Feb
1
comment Grammatical structure of the given sentence
Okay, so if they don't have different sources, then now we really need some evidence that they are to be pronounced differently from each other in dialects where the /W/ vs /w/ distinction is maintained. It would be surprising, given that they are of the same origin, if they came to be pronounced differently by such a trifling detail, a change unparalleled in the language.
Feb
1
comment Grammatical structure of the given sentence
Consider that we also use "what" in a similar manner: "what, you think I should keep arguing?"
Feb
1
comment Grammatical structure of the given sentence
Dude, you're the one proposing that they are pronounced differently and that they have different sources. I've seen no proposals elsewhere but here that they have anything but the same source (where's the upstream word, other than "why" that is the source of this interjection?), or that there's any reason to suspect that they are pronounced differently. Given that, the burden of proof is on you to provide evidence of this extraordinary claim.
Jan
31
comment Grammatical structure of the given sentence
They come from the same source and are spelled the same. Some similar examples: "I didn't like it that much", "Whatever" (as a dismissive answer), and all the semantic variants of "yes". Words can have a variety of meanings that can drift a lot over time. Sometimes, it does result in a phonetic split (like "of" vs. "off"). If that's the case, there should be some evidence. Do you really pronounce them differently? Have you measured it with, say, Praat?
Jan
31
comment Phrasal verb “be a thing”
Etymology is certainly incorrect.
Jan
31
comment Grammatical structure of the given sentence
I just don't see any reason why there would be a difference in pronunication in any dialect, given that the words are the same. Can you provide some sources to indicate that there really is such a distinction?
Jan
30
comment Grammatical structure of the given sentence
Uhh, you sure about that pronunciation difference?
Jan
30
awarded  Editor
Jan
30
revised Origin of -(e)s in present indicative third singular
wrong campbell
Jan
26
answered Origin of -(e)s in present indicative third singular
Jan
25
comment Is it possible that the word “suffix” has a Hebrew origin?
Same with "sofa". Latin already has a prefix "sub" and a verb root "fig" and the meaning of those two combined is very clear. You see "sub" prefixes all over the place in Latin. Now you want to propose that it's actually a root meaning "end" (with no explanation for the "fix" part at the end). You also want me to believe that the Romans, with so little contact with the Hebrew-speaking people, borrowed such an inconsequential word to make another inconsequential word. That just doesn't happen. Even Greek, which was spoken among the Roman elite and common people alike, left only a few traces.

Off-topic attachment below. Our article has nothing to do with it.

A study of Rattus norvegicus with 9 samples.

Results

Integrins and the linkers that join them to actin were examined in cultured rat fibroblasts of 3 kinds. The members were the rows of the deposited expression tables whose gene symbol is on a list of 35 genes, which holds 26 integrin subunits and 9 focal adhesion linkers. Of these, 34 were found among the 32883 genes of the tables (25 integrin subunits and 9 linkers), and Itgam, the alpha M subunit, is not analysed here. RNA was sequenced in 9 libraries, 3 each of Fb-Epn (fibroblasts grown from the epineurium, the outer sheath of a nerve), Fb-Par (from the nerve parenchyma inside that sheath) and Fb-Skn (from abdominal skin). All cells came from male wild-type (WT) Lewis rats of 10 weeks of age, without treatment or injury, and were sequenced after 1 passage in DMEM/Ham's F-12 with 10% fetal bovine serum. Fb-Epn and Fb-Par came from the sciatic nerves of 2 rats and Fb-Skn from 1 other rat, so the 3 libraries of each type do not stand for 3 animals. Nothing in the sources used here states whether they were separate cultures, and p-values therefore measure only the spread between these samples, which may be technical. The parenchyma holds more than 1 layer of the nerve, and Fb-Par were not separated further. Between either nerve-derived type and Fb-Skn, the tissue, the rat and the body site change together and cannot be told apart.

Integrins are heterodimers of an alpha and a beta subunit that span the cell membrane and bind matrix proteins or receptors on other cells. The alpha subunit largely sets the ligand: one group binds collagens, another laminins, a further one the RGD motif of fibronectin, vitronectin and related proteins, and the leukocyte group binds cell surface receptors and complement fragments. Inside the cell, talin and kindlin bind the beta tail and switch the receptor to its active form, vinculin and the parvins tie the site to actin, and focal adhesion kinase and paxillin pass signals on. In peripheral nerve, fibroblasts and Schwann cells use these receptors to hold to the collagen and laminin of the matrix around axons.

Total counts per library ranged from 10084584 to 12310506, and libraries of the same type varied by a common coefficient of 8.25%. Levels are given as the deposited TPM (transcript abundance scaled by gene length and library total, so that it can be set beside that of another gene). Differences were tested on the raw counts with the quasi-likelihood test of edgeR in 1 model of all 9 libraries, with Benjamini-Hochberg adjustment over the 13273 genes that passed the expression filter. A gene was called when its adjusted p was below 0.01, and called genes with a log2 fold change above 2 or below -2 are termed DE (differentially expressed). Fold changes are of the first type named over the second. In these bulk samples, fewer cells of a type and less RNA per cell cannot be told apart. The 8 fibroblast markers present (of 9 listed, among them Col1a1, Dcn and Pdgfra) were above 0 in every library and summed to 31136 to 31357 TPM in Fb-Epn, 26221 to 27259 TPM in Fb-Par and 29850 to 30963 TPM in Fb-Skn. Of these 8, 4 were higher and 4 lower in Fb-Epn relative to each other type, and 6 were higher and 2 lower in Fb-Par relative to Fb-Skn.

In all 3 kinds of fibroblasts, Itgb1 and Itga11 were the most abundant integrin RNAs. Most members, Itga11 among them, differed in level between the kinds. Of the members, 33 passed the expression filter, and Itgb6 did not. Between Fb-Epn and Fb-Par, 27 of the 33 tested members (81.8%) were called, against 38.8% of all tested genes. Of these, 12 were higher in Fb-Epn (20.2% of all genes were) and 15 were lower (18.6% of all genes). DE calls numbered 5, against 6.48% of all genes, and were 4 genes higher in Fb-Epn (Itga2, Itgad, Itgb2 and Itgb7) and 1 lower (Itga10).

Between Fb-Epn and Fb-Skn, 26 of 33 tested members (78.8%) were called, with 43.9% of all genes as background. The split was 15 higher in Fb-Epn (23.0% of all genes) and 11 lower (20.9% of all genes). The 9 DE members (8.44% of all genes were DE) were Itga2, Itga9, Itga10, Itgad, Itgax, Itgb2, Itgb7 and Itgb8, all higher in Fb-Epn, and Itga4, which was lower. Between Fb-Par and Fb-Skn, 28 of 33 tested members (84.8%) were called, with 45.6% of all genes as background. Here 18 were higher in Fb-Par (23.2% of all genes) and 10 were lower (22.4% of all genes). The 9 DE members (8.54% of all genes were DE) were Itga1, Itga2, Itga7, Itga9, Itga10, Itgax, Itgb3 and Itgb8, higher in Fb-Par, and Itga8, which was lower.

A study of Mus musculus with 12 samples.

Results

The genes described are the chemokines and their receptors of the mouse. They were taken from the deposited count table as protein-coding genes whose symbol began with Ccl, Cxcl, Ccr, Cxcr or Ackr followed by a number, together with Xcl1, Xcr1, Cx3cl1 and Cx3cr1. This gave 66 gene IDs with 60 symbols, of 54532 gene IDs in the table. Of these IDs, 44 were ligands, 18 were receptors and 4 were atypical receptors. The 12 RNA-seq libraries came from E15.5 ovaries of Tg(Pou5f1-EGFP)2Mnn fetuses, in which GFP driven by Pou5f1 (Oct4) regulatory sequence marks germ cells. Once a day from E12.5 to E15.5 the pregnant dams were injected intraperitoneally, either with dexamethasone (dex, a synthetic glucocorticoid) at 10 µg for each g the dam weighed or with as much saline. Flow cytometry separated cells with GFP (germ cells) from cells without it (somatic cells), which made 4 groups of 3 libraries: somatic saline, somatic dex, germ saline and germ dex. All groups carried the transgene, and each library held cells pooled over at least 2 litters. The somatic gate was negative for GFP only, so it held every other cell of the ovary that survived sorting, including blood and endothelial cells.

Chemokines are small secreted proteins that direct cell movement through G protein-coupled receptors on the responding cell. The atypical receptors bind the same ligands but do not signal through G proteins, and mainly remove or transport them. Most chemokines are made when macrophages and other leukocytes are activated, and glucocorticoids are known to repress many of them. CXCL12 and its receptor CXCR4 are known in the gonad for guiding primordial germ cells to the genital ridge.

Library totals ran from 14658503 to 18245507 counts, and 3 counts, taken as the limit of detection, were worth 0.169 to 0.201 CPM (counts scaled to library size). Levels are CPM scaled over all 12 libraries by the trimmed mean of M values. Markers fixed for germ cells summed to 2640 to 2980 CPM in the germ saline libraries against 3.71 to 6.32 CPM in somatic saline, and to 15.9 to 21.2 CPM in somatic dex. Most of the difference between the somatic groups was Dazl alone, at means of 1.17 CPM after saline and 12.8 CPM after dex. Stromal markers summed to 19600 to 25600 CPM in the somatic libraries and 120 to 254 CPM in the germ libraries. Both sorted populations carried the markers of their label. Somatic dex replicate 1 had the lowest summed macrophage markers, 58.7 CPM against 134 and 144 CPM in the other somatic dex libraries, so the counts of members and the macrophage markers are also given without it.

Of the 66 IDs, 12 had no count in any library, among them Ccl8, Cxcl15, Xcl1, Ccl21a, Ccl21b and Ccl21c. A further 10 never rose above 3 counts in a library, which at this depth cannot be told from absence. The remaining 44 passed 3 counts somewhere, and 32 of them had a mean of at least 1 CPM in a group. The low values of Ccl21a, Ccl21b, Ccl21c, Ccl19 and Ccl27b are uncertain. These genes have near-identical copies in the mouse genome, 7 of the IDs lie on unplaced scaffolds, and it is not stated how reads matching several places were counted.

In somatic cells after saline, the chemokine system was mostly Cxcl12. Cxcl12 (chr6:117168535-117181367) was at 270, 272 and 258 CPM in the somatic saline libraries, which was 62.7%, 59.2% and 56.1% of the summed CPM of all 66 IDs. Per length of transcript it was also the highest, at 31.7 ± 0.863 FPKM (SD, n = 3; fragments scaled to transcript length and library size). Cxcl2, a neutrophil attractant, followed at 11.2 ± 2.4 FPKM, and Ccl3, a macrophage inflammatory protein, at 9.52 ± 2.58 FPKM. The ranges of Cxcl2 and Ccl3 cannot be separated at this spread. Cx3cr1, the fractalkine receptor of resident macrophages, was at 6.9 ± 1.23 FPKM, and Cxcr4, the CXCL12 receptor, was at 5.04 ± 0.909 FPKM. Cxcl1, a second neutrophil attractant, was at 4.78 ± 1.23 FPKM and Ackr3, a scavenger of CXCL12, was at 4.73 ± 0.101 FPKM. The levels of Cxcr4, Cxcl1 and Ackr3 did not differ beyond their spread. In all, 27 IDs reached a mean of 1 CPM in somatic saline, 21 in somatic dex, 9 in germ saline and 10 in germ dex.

Jan
25
comment Is it possible that the word “suffix” has a Hebrew origin?
@McGafter: Latin is just as old as Hebrew. Languages don't spring out of nowhere. In any case, your proposed word connections ignore a great deal. You say the "im" prefix looks like a Hebrew word meaning "with". Except, the Latin prefix is well-documented as meaning not that, and is already explained as coming from either the preposition "in" (for some words) or the negative particle "ne" (for others). This is also born out by other IE languages. How would a Hebrew explanation be better than that?
Jan
22
comment Is it possible that the word “suffix” has a Hebrew origin?
This is not scientifically valid using any method of historical linguistics that we have. You can find chance resemblances between any two languages on the planet, especially if you are as flexible with sound and semantic correspondences as you are being here.
Jan
16
comment Gender in “Sun won't show its/his/her face” nowadays
Note that in Tolkien's world, the sun is a ship steered by a goddess, which probably best explains the use of "her".
Jan
4
comment Is it correct to say peg location instead of peg's location?
You can use either in this case. "Peg's location" would be meaningful. In this context, the two are interchangeable.
Jan
4
comment What's difference between “I am usually doing something” and “I usually do something”?
I disagree with @GEdgar. I can say as well as understand sentences like "on Wednesdays, I'm usually doing something with friends". I can also say "on Wednesdays, I usually do something with friends". The latter seems to indicate that an event (or several) takes place, whereas the former focuses on the fact that the event has a duration and that this keeps me busy.
Dec
21
comment Should a different word be used when “what” is used as an object?
I don't. I also fail to see what that has to do with any of this.
Dec
21
comment Should a different word be used when “what” is used as an object?
Caring about speech doesn't mean adhering to silly, pointless rules. What is improved by moving the preposition to the beginning? What ambiguity is removed? What clarity is added? None. It's irrelevant. For that reason, nobody talks that way anymore.
Dec
21
comment Is the verb “be” needed in each phrase joined with “or” or “and”?
I would say no, but if the clauses that make up the "or" correlation are long, it's helpful to repeat it.
Dec
21
answered Should a different word be used when “what” is used as an object?